Home is so often an elusive concept. Much ink, of both the literal and digital variety, has been spilled in the attempt to make sense of what home is and what it is not. Songs have been written and movies made with the same goal in mind. I personally have written before about home, but I didn’t actually write about home itself, per se. That piece was more about my thoughts about being home in relation to what I had just done. Now I’d like to turn my thoughts more specifically to ‘home’.
I was struck while driving around town that I am genuinely glad to be here in Youngstown, Ohio. It’s my home, and in that moment while driving, I knew it. This area, with all of its beauty and ugliness and rust and history and character and diversity, truly felt like home. It always has been home, and no matter where I may go in the future, it will always be home. I’m grateful to say that I’m from Youngstown, Ohio.
I’ve done so much of my growth outside of this area code, and I wouldn’t be the same person sitting here writing this without the myriad experiences I’ve had around the US and abroad. Yet as much as I’ve grown elsewhere, I can’t ignore that I am still very much a product of this corner of the world.
There’s a lot to say about how one’s home and upbringing mold and shape that person, affecting all future growth and change that may occur elsewhere. I think of lenses and the way they impact the way one wearing them sees the world. Imagine eyeglasses that would allow one to stack lenses on top of each other. With each lens one adds, whether subtly or drastically, the way the world is seen is altered. With each new place lived or experience had, another lens is added. This is true of each of us in some way. Considering my own situation, I’ve lived and visited multiple places, and each of them colors the way I see my surroundings in some capacity. However, no matter how many places I visit and lenses I add to my vision, the ‘Youngstown lens’ will always be a part of my sight.
To use another analogy, I’m reminded of food that is grown only in a certain part of the world. It has qualities that come about because of its original locale. For example, wine experts refer to the terroir, which is the land where grapes used in winemaking grow. More than just the soil, it refers to the climate, weather, etc. that impact the growth, and ultimately the taste, of the grapes that are used to make wine.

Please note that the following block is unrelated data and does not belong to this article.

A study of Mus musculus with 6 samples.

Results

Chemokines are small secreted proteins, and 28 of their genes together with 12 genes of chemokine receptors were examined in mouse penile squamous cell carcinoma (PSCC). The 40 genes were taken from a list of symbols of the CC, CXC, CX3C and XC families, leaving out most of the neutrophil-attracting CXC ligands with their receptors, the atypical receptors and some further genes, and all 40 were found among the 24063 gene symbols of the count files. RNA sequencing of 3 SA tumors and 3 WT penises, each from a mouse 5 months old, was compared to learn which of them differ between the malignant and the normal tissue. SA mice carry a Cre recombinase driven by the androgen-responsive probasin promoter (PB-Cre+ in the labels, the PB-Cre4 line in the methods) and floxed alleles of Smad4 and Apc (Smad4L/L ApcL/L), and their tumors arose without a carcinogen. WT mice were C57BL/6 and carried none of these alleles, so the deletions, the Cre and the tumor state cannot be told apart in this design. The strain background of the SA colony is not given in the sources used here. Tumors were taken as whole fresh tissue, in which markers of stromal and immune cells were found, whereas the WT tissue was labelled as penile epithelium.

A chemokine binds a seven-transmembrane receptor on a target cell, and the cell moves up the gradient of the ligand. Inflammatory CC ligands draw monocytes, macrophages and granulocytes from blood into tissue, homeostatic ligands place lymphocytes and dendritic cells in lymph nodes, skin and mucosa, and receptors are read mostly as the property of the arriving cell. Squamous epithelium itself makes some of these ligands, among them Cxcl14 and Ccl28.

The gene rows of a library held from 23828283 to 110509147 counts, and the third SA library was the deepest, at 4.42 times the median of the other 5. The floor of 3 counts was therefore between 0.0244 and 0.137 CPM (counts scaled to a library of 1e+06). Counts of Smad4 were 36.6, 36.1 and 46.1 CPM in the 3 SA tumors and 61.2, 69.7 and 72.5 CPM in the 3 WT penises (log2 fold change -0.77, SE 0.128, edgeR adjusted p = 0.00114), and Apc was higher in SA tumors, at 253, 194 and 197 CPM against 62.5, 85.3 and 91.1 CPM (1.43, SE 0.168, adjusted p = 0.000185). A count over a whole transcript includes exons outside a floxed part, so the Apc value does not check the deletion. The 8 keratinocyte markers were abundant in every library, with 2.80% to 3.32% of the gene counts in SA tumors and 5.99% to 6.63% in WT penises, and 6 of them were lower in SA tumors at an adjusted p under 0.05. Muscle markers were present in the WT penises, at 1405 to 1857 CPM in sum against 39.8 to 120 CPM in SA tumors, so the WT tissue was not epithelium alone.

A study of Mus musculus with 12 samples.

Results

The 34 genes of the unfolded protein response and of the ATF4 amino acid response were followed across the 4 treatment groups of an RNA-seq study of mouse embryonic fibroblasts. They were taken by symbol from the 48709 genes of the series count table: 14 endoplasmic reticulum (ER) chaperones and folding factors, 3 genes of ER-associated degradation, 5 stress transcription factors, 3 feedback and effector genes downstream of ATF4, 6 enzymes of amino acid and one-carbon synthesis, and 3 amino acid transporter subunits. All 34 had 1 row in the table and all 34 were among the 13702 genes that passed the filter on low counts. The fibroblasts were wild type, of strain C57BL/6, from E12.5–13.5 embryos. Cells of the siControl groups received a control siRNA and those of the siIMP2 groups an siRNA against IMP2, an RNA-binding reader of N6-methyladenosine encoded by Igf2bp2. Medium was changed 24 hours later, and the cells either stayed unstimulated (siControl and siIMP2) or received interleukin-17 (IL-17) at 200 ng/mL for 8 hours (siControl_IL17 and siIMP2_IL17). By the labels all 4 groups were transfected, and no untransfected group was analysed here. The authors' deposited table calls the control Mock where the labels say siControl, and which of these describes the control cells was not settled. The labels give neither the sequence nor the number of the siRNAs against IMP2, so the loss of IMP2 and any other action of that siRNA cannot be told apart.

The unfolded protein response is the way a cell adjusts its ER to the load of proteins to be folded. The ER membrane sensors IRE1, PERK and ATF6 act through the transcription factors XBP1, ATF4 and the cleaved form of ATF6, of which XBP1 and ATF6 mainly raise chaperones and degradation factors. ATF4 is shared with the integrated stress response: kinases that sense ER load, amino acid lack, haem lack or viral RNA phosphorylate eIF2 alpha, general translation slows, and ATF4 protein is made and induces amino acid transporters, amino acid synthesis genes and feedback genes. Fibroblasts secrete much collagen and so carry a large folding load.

Alternatively, there are certain foods that are grown and/or produced in many parts of the world, but they have specific qualities when they’re found in a specific region or part of the world. For example, there is a breed of potato called ‘La Bonnotte’ that is grown on an island off the coast of France. Potatoes are grown in many places around the world, but these potatoes can cost up to $320/lb. or $700/kg (according to this site). After harvesting, these potatoes are sent to other places and used in dishes where their flavors interact with the other ingredients of the recipe to create new textures and flavors. Yet these potatoes are still dependent on their origins and what these origins lend to their makeup to bring about these unique flavors.
I may go elsewhere. I already have. However, the way I have interacted and will continue to interact with the world is still due in large part to my growing up in northeast Ohio. Even if I visit or live in other places and do other things, I’ll never entirely cease to be a Midwestern boy from Youngstown, Ohio. This is and will be the way I both see and ‘flavor’ the world.
A pilgrimage is an intensely personal journey, but it is not one that a pilgrim undertakes alone. I don’t want to ‘talk’ into a vacuum. I want to hear other voices, too. What I’m trying to say is, I want feedback! Have I spoken something to you? Is there something you think I should know? Do you have a question about something I said? Please leave a comment below or contact me at Pilgrim.Brett@gmail.com.